This is a blog dedicated to a personal interpretation of political news of the day. I attempt to be as knowledgeable as possible before commenting and committing my thoughts to a day's communication.

Sunday, April 24, 2016

Talking 'About It'

"Of course we all talk about it."
"For a small town like Celle, this is really unusual, and murder is a serious matter."
Oliver Spiess, 53, Celle, Germany

"You read a lot about the refugees when it's positive. Like a refugee found money and returned it. But heaven forbid someone does something bad. If you report at all, then it should be everything."
"No one is really enthusiastic about the refugees."
Sebastian Nitz, 29, Celle, Germany
Liberal Teacher Takes In Muslim Refugee, His Colleague Finds What's Left Of Him
Vigil for beloved high school science teacher, Mehdi Hushmand

Mehdi Hushmand was an earlier immigrant to Germany, arriving there in 1979 at age 19, the year that Iran was transformed from a monarchy to the Islamic Republic of Iran when Ayatollah Ruhollah Khomeini ushered in the new age of Islamist revolutionary zeal after uprooting Shah Mohammad Reza Pahlavi from power. In Germany, Mr. Hushmand attended college, achieved citizenship and secured employment as a high school teacher.

And with the advent of 2015's flood of refugees into Europe from Syria, Afghanistan, Libya, Eritrea and elsewhere, Mr. Hushmand's compassion was stirred for fellow Muslims and he offered himself as a volunteer to aid the refugees in establishing themselves in his adopted country of Germany. All seemed well as he took a family from Afghanistan under his wing, taking a particular interest in their welfare. But all was evidently not well.

The popular science teacher was found murdered in his own home toward the last days of March in this town of 70,000 residents situated near Hanover. The town had decided to take in a significant number of refugees, under its mayor, Dirk-Ulrich Mende. The town set up their own refugee center and absorbed 3,000 refugees, planning to accept another 500.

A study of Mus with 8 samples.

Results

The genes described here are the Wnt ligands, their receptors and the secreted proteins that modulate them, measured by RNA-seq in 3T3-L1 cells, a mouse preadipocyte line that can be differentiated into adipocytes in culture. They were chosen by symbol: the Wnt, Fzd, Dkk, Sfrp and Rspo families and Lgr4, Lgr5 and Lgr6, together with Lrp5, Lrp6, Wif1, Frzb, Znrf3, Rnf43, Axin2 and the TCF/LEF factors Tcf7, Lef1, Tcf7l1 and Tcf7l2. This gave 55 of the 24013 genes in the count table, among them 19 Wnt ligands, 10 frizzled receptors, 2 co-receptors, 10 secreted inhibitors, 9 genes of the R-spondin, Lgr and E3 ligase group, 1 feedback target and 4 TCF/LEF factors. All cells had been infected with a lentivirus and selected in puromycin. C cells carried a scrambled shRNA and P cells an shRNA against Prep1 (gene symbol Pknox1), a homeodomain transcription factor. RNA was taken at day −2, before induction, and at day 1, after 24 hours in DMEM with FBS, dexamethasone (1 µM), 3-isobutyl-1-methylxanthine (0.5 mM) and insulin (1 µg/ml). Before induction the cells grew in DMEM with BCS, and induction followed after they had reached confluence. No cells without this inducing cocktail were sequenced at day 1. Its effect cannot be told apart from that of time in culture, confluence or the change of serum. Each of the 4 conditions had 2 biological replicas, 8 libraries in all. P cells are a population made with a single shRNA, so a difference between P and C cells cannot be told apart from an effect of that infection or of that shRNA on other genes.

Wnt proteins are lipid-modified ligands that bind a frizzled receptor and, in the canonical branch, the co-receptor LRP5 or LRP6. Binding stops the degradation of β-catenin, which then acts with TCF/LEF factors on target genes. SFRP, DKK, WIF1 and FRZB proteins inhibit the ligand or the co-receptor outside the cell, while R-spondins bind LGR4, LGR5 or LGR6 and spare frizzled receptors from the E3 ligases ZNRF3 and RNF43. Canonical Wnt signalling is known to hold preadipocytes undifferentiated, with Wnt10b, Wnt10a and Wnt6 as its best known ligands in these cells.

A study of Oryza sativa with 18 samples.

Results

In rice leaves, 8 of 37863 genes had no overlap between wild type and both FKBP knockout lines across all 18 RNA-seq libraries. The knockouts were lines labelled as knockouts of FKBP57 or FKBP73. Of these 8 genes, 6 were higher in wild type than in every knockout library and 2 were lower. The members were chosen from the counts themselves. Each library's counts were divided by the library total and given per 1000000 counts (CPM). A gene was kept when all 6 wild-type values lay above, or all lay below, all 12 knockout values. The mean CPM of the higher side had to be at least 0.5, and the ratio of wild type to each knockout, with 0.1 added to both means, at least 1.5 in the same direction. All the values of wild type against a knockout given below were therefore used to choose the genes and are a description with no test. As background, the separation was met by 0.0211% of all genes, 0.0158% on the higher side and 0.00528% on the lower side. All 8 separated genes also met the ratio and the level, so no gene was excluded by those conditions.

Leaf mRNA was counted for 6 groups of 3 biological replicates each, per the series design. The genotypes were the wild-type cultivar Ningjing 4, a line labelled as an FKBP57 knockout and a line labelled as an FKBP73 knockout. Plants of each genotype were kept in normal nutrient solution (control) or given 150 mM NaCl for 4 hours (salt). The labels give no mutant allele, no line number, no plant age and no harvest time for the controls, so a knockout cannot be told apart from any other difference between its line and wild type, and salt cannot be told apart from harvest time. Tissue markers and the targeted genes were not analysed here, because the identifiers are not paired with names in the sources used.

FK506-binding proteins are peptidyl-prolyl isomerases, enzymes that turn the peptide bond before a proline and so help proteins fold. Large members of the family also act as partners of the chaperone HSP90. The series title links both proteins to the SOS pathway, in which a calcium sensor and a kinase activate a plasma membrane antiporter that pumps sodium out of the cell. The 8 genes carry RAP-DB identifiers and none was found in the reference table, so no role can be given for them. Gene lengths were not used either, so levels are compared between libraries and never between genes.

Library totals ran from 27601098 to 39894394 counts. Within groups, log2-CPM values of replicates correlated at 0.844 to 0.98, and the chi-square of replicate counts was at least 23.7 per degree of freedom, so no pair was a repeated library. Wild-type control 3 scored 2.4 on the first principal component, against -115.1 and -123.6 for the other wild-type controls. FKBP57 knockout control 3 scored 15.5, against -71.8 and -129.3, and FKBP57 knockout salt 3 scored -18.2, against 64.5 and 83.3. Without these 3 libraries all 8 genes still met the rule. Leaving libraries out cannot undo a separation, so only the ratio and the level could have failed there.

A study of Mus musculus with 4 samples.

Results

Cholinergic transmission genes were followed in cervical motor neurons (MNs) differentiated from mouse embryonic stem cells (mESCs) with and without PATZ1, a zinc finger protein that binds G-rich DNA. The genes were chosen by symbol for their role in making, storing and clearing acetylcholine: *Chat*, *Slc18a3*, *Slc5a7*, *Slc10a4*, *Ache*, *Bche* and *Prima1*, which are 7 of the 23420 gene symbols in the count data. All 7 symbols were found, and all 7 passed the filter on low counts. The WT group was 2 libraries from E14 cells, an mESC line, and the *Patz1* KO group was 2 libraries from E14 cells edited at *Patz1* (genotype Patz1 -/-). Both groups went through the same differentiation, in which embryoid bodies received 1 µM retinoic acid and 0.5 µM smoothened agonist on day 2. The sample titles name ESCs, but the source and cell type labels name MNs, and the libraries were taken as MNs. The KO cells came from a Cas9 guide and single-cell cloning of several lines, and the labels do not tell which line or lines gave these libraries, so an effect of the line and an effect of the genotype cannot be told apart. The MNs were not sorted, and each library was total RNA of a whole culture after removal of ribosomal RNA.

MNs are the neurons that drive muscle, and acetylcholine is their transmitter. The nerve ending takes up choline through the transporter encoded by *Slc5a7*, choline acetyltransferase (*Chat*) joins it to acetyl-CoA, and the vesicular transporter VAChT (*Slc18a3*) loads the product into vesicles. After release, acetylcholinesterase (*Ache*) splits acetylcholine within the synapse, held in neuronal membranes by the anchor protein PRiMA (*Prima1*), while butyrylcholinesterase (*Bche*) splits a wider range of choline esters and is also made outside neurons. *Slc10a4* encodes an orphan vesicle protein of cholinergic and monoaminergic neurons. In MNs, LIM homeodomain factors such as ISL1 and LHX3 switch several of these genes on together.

As it happens, it seems that not all of Celle's German residents appreciated the influx of refugees diluting their German homogeneity. Comments appearing on the local newspaper's website on its section devoted to experiences of the townfolk with the refugees appear rife with resentment and suspicion. Mr. Nitz for one complained on the site that there had been no mention that the suspect in Mr. Hushmand's murder was a refugee.

In fact, the state prosecutors and police did take steps to ensure that the identification of the murder suspect as a refugee was shielded from the public, citing federal guidelines permitting authorities to withhold ethnic or other identifying features of someone suspected of crime when such details are considered to be irrelevant to the commission of the crime.

Mayor Mende admitted that he finally requested that state prosecutors make the identity of the suspect public "Otherwise I was afraid it would become a big theme", he said, though he felt the refugee background had little relevance to the killing. He was wrong on the latter, and right on the former; it has become a 'big theme'. And the killing had everything to do with a refugee taking ostensible affront at the presumed entitlement of a mentor.

The murder of the popular teacher happened in the wake of the New Year's Eve mass sexual assaults in Cologne and elsewhere. Then too police deliberately failed to describe the attackers as representing migrant men of North African or Arab derivation and for fairly obvious reasons; to avoid a public backlash. And so suspicions arising among people who feel they are being shielded from full information to enable them to form their own opinions is the outcome.

The Afghan man is said to have confessed to the murder, to German police. Mr. Hushmand, 55 and divorced, he claimed, insisted on marrying the refugee's 19-year-old daughter. At Mr. Hushmand's home he and the Afghan discussed the issue when an argument ensued and then the deadly attack. That, in any event, is the Afghan man's story, the man who arrived in Germany with his wife and their six children, whom Mr. Hushmand had befriended.

A close friend of Mr. Hushmand is having none of it, condemning the story as "complete rubbish". Had Mr. Hushmand offered to marry the young woman, he explained, it would only be to help her family be assured that they would be able to remain in Germany. Friends of Mr. Hushmand collected 4000 euros to return Mr. Hushmand's body to Tehran so he could be buried there, as he wished.

An estimated 600 people attended his funeral. And whatever money is left from the fund collected is to be used to care for refugees under age 18. "That would be in Mehdi's spirit", said his friend, Mr. Glaser.